For retailers, meeting customer demand no longer relies on how much free space is in your back room. Online shopping has helped retailers open up their channels and satisfy even the pickiest of consumers. Now, you can carry the most popular products as well as those that may only appeal to 1 or 2 consumers. Great, right? Well, it can be.
Loyal customers can now shop their favorite brand online, and in many cases right from a customized phone app. And, thanks to new go-to-market channels, they have access to more styles, colors and sizes than ever before. Customers can order from the website, by phone, through an app or in the store and send products sent to their home, the store or split in packages of four.
The choices are endless and so are the potential headaches. The idea of drop ship/direct-to-consumer means shifting fulfillment to your suppliers. You most likely have a process for enabling your vendor community when it comes to the brick-and-mortar channel, but when you’re trying to mitigate the madness of cross-channel, which suppliers can you trust? What should you expect and of whom should you expect it?
Implementing cross-channel purchase order support makes for complicated supplier lifecycle management. More trading partners will be involved, the enablement process for direct-to-consumer programs will differ slightly and overall order volume will increase. But, none of that matters to your customers. They just want their stuff delivered when and where they want it. Thankfully, technology is available to help ease the process. However, rather than simply relying on technology and, often times, a new and separate merchandising team, retailers need to establish clear expectations for their suppliers across the various channels.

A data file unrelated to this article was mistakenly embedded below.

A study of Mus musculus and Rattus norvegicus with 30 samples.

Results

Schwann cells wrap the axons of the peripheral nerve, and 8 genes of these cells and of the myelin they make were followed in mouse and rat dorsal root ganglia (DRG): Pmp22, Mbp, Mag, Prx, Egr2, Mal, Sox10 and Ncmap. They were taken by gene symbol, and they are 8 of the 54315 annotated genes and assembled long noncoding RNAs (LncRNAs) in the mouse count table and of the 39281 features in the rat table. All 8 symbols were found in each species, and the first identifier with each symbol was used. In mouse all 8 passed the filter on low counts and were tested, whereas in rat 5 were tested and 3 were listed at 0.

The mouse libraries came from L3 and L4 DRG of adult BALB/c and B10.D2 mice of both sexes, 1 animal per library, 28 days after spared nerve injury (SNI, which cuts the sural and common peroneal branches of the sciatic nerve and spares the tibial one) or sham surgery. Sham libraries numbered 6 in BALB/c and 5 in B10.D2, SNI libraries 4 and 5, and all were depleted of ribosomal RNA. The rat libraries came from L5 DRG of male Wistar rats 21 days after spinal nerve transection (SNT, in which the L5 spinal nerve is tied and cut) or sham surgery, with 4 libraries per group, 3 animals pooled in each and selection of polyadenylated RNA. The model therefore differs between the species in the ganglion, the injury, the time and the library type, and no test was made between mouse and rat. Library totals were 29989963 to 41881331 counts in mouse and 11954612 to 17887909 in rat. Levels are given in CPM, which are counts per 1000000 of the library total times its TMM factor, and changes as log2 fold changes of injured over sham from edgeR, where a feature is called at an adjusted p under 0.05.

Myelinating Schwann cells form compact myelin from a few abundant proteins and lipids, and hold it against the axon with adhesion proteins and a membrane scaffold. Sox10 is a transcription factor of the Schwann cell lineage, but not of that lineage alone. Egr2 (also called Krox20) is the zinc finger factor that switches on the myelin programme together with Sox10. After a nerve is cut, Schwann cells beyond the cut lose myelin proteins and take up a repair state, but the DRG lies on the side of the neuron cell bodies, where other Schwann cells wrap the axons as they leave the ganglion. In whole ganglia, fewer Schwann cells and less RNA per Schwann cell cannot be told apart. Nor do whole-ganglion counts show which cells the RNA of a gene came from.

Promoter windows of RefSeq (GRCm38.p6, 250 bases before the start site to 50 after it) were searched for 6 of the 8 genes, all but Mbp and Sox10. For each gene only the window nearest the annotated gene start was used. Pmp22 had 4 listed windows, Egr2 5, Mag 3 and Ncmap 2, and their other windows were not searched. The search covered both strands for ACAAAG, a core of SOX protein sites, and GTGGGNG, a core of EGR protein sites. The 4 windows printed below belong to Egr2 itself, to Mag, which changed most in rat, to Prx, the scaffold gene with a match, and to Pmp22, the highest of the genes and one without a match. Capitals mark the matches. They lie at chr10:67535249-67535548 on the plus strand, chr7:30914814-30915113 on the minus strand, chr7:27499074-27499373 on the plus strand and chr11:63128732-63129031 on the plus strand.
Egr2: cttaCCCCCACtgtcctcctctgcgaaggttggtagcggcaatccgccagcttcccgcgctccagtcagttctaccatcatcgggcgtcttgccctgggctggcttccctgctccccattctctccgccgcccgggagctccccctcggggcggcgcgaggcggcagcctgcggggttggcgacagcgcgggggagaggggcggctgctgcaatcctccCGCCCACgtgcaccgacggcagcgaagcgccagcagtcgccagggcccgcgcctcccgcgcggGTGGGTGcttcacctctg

Will the products be purchased by the retailer similarly to their store inventories, and then either housed at a distribution center or fulfillment center for shipping to consumers? Will the retailer engage in a direct-to-consumer model with their suppliers, opting only to take “ownership” of the inventory after it has been purchased by the consumer?
Understanding the expectations of the buyer and the capabilities of the supplier is extremely important. Trading partners need to clearly establish which products are intended for which channels. For drop-ship or retailer fulfillment, suppliers need to be able to meet consumer-level, not store-level, requirements:
- Custom Branding: Many retailers want their branding on everything from labels to packing slips on shipped items. Some suppliers can mimic your brand and make sure customers aren’t left wondering why their exclusive high-end product was labeled from Jumbo Jim’s Warehouse, while others can’t. If this is important to you, make sure to ask.
- Delivery timeframes and service level commitments: Critical to a consumer-driven marketplace, as a retailer you need to know when items will arrive. Everyone has different time frames to which they can commit. Having an up-front commitment for overnight vs. three day shipping is the difference between a happy customer and one without the green glitter wedges they want for their big event.
- Specialized Packaging: Sometimes customers want packages wrapped up with a little bow… literally. Can the supplier handle special requests such as gift wrapping, customized boxes or whatever crazy request may come? Determining limitations up front keeps everything on track.
While some suppliers excel at drop-ship, for many others it is a steep learning curve.
Ask these questions to make sure your supplier drops the product into the consumer’s hands, instead of dropping the ball due to miscommunicated expectations.